For many students I meet on campus today, Torah feels distant from their lived experience. Its structure resembles nothing of what they normally read, and the stories it offers feel distant from their everyday lives.
I always assumed that bringing life’s big questions to Jewish texts was key to opening Torah to my students. What I failed to understand was that for many of the young adults I work with, even though life’s big questions are a part of each of our lives, engagement with them can feel terrifying, out of reach, or even at times, an act of intellectual posturing, rather than an act of meaning making.
Just as much as students need a guide to help them experience the vitality of Torah, they need a guide to help them see their doorways into life’s big questions — doorways into the possibility that life can be transformational and not just transactional.
This spring, I had the opportunity to teach a course in the Great Works Seminar of the Drexel University Honors College. I knew I wanted this course to address the dual challenge of opening students to both Torah and life’s big questions, but I also knew that if I taught Torah directly, the only students who would register would be students already enthralled with Torah. This is where Harry Potter comes in.
Inspired by the Harry Potter and the Sacred Text podcast, I developed the Potter Seminar as a part crash course in hermeneutics and religious studies’ approaches to sacred text, and part secular exercise in a sacred reading group. I decided that by teaching Harry Potter with the same tools used to teach Torah, I might be able to help my students find both their doorways into engaging with life’s big questions and their doorways into religious and spiritual life.
Each week we read a section of the book and centered our reading around a theme — asserting that no matter the narrative, the text had something valuable to teach us.
We explored the role, method and power of midrash through analyzing fan fiction. We considered how the lessons we learned from each character shifted depending on whether we insisted on the importance of chronological reading or whether we were willing to make meaning beyond chronology. We analyzed plain meaning and allegorical meaning. We used hevruta and journaling practices adapted from mussar tradition. Students learned how to make “toasts” that drew learning and blessing from the text, modeled on basic insights about crafting divrei torah.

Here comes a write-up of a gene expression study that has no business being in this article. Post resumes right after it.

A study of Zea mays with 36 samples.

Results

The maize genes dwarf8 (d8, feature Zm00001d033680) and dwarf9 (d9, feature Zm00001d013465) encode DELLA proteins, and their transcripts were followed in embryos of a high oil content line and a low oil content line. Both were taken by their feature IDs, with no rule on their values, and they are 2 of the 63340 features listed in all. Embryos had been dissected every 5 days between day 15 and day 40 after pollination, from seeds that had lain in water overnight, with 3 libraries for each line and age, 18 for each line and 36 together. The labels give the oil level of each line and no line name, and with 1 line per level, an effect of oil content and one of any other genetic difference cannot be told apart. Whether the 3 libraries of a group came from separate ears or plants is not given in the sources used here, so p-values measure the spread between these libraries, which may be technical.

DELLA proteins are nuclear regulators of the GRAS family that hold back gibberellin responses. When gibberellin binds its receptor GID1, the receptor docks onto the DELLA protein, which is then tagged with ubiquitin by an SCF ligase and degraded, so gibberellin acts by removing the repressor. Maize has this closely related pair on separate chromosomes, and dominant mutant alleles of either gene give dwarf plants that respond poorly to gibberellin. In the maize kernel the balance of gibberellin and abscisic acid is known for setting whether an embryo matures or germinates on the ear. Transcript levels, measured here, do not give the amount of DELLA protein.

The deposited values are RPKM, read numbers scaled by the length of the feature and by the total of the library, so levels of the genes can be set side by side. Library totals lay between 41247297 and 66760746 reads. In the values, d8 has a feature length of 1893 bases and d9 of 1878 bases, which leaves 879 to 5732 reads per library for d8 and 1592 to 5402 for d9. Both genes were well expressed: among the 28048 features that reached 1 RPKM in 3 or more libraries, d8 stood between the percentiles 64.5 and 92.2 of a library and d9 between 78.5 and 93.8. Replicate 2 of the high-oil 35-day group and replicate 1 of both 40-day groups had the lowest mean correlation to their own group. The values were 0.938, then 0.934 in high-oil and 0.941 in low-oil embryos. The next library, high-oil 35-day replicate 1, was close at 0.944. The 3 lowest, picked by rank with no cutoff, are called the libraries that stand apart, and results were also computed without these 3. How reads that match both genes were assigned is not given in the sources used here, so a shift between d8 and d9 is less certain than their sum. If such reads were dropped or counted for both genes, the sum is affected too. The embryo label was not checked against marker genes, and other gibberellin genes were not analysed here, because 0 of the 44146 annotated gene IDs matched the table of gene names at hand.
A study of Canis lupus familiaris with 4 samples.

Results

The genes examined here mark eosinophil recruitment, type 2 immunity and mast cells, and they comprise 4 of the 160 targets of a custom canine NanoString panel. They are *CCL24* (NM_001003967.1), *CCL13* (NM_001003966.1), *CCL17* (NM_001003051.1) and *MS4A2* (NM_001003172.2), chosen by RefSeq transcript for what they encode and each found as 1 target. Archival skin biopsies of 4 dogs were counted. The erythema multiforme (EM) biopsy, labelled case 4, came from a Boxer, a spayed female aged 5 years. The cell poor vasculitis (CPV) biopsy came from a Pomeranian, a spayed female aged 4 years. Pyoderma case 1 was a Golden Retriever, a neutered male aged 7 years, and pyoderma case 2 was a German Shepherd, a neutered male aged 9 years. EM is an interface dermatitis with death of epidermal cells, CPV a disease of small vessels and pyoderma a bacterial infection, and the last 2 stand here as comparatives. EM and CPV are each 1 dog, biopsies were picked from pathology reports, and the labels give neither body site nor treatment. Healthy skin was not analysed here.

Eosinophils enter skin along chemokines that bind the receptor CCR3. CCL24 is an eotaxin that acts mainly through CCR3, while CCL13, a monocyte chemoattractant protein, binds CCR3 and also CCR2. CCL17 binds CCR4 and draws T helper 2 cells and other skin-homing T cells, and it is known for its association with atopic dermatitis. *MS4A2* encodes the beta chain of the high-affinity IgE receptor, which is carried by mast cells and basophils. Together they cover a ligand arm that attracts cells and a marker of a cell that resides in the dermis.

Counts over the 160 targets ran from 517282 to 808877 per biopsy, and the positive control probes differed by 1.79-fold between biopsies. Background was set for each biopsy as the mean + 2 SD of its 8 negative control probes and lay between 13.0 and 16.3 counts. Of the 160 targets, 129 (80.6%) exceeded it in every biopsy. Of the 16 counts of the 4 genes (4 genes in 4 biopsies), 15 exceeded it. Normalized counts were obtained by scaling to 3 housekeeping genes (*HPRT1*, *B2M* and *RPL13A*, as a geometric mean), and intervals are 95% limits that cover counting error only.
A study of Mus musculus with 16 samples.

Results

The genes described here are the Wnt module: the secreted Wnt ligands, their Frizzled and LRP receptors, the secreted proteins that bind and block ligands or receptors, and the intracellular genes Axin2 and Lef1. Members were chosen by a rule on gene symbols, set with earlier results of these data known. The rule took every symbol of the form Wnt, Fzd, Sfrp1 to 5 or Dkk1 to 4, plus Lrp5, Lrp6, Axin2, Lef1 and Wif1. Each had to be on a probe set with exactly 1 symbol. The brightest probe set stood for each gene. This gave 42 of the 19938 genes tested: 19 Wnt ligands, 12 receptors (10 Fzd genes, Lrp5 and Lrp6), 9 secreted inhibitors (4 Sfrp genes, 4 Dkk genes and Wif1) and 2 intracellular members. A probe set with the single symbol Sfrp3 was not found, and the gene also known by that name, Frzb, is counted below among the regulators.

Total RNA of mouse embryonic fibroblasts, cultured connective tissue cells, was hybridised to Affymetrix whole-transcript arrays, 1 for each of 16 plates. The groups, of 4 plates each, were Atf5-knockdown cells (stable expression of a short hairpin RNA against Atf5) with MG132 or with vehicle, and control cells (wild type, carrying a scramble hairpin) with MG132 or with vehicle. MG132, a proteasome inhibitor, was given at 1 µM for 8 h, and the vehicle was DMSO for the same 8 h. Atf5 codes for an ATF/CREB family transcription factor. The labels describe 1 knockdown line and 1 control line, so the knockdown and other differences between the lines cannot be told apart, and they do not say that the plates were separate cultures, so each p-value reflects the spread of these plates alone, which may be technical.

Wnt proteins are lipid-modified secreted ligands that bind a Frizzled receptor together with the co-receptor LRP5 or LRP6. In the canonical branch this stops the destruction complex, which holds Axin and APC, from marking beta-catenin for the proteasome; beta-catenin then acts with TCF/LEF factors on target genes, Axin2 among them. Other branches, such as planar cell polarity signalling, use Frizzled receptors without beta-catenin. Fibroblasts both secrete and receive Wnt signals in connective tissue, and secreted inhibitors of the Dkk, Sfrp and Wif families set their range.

During the seminar, students spent 10 weeks exploring the polarities of selflessness and selfishness, questions of legacy and destiny, of friendship, power and privilege. They wrestled through how issues of race and sexuality are and aren’t tackled by their beloved Potter text. They realized that Fred and George Weasley have powerful lessons to teach about vulnerability, and Neville Longbottom is a guide to embracing the deepest meaning of bravery. The seminar helped students consider the value of categories like sanctity, spirituality and scripture in a world that extends beyond what anyone would typically think of as religious.
By teaching students to deploy Torah learning techniques in this way, they could easily see the “magic” that occurs when we engage in sacred reading. They could easily experience the power of reading not to understand the narrative, but to understand themselves.
Their engagement with the Potter text left them wanting more — they wanted to connect more deeply with each other as humans and think about their roles in the world differently. They wanted to find spaces where they could continue to reflect and grow and where they could have conversations that matter. This is where Potter leaves off, and only Torah and other sacred traditions go on.
I hope that other teachers of Torah will see in my experience the opportunity to reinvigorate our contemporary relationship with the sacred and consider the unexpected ways they can invite their students into welcoming the category of sanctity more deeply into their lives. Doing so will bring more lovers and learners of Torah into a world that sorely needs them. pjc
Rabbi Isabel de Koninck is the executive director and campus rabbi for Hillel at Drexel University in Philadelphia.